Sen. Whitehouse Remains Mum on Boggs Nomination, Despite Key Role


Emily Crockett

Sen. Sheldon Whitehouse (D-RI), a member of the Senate Judiciary Committee whose vote could be crucial to determining whether the nomination of Michael Boggs to a federal judgeship moves forward, hasn’t yet taken a public position on Boggs.

Read more of our coverage on controversial judicial nominee Michael Boggs here.

The Senate Democratic leadership is united in opposition to appointing controversial anti-choice judge Michael Boggs to a federal district court in Georgia. Members of the Senate Judiciary Committee such as Sens. Al Franken (D-MN) and Dick Durbin (D-IL) have said they will vote against the candidate, and Sens. Dianne Feinstein (D-CA) and Richard Blumenthal (D-CT) have had harsh public words for Boggs, who has been criticized for his anti-choice and pro-Confederate flag votes as a state legislator.

But one Judiciary Committee member, Sen. Sheldon Whitehouse (D-RI), whose vote could be crucial to determining whether Boggs’s nomination goes forward to the full Senate, hasn’t yet taken a public position on Boggs.

“I’m a believer in the importance of the local senators’ views about their home states about district judges being respected, so it would take a pretty exceptional reason for me to violate that rule,” Whitehouse said in late May.


Boggs has a long list of anti-choice votes, including one for an amendment that would have published online the names of abortion-providing doctors. His colleagues and other opinion-makers at the time argued that this would provoke anti-choice violence. Boggs raised eyebrows during his confirmation hearing when he claimed to have been unaware of that issue at the time, seeming to claim that he not only didn’t know people might bomb abortion clinics because of that amendment, but that he didn’t know abortion clinics were being bombed at all.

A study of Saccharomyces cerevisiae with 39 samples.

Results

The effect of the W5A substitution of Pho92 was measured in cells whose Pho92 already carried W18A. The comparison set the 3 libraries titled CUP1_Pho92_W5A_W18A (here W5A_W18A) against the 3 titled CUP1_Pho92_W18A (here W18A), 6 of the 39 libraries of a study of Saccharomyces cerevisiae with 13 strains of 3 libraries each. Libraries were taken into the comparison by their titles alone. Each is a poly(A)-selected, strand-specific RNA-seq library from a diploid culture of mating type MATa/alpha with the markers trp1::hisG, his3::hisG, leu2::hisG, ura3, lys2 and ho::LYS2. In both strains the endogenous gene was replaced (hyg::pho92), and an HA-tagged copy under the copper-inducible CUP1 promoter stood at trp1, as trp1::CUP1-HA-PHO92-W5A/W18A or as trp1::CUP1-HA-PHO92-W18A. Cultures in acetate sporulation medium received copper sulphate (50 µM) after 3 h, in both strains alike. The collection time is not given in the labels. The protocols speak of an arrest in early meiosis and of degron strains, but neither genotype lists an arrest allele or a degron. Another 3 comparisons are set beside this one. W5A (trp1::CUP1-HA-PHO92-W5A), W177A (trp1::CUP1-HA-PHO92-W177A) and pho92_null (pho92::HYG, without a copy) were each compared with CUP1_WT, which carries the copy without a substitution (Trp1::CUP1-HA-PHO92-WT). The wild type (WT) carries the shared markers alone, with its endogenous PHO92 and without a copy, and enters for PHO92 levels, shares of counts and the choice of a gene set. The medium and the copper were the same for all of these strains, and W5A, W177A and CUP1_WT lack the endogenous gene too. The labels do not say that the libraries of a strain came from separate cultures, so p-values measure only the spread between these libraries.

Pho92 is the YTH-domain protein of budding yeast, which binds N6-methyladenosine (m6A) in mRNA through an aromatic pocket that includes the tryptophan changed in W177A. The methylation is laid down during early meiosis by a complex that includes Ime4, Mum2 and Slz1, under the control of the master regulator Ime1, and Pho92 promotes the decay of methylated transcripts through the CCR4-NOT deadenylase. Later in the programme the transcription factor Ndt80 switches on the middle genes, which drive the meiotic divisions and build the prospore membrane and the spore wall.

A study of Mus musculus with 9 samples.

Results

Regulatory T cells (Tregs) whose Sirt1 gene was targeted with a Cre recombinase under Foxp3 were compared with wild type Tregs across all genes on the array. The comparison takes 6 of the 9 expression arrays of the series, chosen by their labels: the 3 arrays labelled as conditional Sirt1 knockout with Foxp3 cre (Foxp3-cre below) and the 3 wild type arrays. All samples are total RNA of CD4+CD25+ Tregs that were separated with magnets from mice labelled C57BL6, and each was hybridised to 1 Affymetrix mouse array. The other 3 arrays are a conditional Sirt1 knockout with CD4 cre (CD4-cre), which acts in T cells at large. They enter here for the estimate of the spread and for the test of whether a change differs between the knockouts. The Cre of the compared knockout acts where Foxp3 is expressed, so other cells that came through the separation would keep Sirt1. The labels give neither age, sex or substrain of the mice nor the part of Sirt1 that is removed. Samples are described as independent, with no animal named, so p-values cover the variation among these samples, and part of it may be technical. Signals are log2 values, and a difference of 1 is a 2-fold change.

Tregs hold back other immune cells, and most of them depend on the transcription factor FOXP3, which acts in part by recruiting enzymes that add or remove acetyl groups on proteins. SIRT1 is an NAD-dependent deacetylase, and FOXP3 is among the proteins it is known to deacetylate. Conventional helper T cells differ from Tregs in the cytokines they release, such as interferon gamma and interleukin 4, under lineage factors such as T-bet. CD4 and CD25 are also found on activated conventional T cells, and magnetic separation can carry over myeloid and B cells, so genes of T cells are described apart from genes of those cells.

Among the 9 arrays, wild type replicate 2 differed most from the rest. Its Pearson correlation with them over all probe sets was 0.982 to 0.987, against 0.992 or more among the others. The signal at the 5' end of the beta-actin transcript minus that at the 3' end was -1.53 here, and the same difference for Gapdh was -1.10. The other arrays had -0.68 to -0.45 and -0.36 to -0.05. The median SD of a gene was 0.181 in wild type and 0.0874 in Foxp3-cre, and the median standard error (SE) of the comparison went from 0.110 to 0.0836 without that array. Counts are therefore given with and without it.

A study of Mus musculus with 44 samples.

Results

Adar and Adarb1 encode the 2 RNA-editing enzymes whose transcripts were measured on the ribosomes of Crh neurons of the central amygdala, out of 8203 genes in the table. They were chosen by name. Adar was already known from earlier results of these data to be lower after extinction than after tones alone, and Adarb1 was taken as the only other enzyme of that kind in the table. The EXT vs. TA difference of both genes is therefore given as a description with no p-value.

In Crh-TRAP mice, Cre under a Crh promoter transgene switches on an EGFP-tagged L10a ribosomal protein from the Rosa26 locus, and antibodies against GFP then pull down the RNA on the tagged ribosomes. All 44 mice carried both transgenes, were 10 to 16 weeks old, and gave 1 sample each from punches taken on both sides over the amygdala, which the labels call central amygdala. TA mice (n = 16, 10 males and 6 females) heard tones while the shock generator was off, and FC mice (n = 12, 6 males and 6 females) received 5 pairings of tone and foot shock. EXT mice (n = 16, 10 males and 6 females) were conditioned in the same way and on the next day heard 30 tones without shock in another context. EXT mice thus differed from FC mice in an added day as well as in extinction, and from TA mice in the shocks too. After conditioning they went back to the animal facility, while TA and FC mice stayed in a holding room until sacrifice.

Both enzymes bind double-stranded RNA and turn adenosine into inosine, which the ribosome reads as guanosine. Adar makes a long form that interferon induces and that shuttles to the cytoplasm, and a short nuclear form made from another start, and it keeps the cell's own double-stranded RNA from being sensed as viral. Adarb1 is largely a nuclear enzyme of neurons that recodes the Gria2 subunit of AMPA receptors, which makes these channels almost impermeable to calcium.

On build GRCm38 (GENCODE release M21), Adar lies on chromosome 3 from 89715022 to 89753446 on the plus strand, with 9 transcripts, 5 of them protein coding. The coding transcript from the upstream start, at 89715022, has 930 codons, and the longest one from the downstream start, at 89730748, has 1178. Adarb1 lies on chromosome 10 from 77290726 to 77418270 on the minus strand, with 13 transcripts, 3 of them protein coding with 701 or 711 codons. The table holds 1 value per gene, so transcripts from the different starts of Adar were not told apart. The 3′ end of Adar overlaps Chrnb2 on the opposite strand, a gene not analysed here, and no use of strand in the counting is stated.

Boggs has walked back those remarks since then, claiming in written remarks to the committee, “I did not intend to convey categorically that I was generally unaware of claims of violence against physicians that perform abortions,” but rather that he did not connect the amendment to those violent incidents and did not remember hearing those concerns raised relative to the amendment.

But Boggs has been criticized not just for his anti-choice votes. He has also come under fire for sponsoring a constitutional ban on same-sex marriage, and for voting to preserve a Confederate symbol on the Georgia state flag.

A staff member in Whitehouse’s office told Rewire he was unaware of the senator having taken any specific position on Boggs, and as of publication time, Whitehouse’s office has not yet returned a request for comment on why he has not taken a position on Boggs.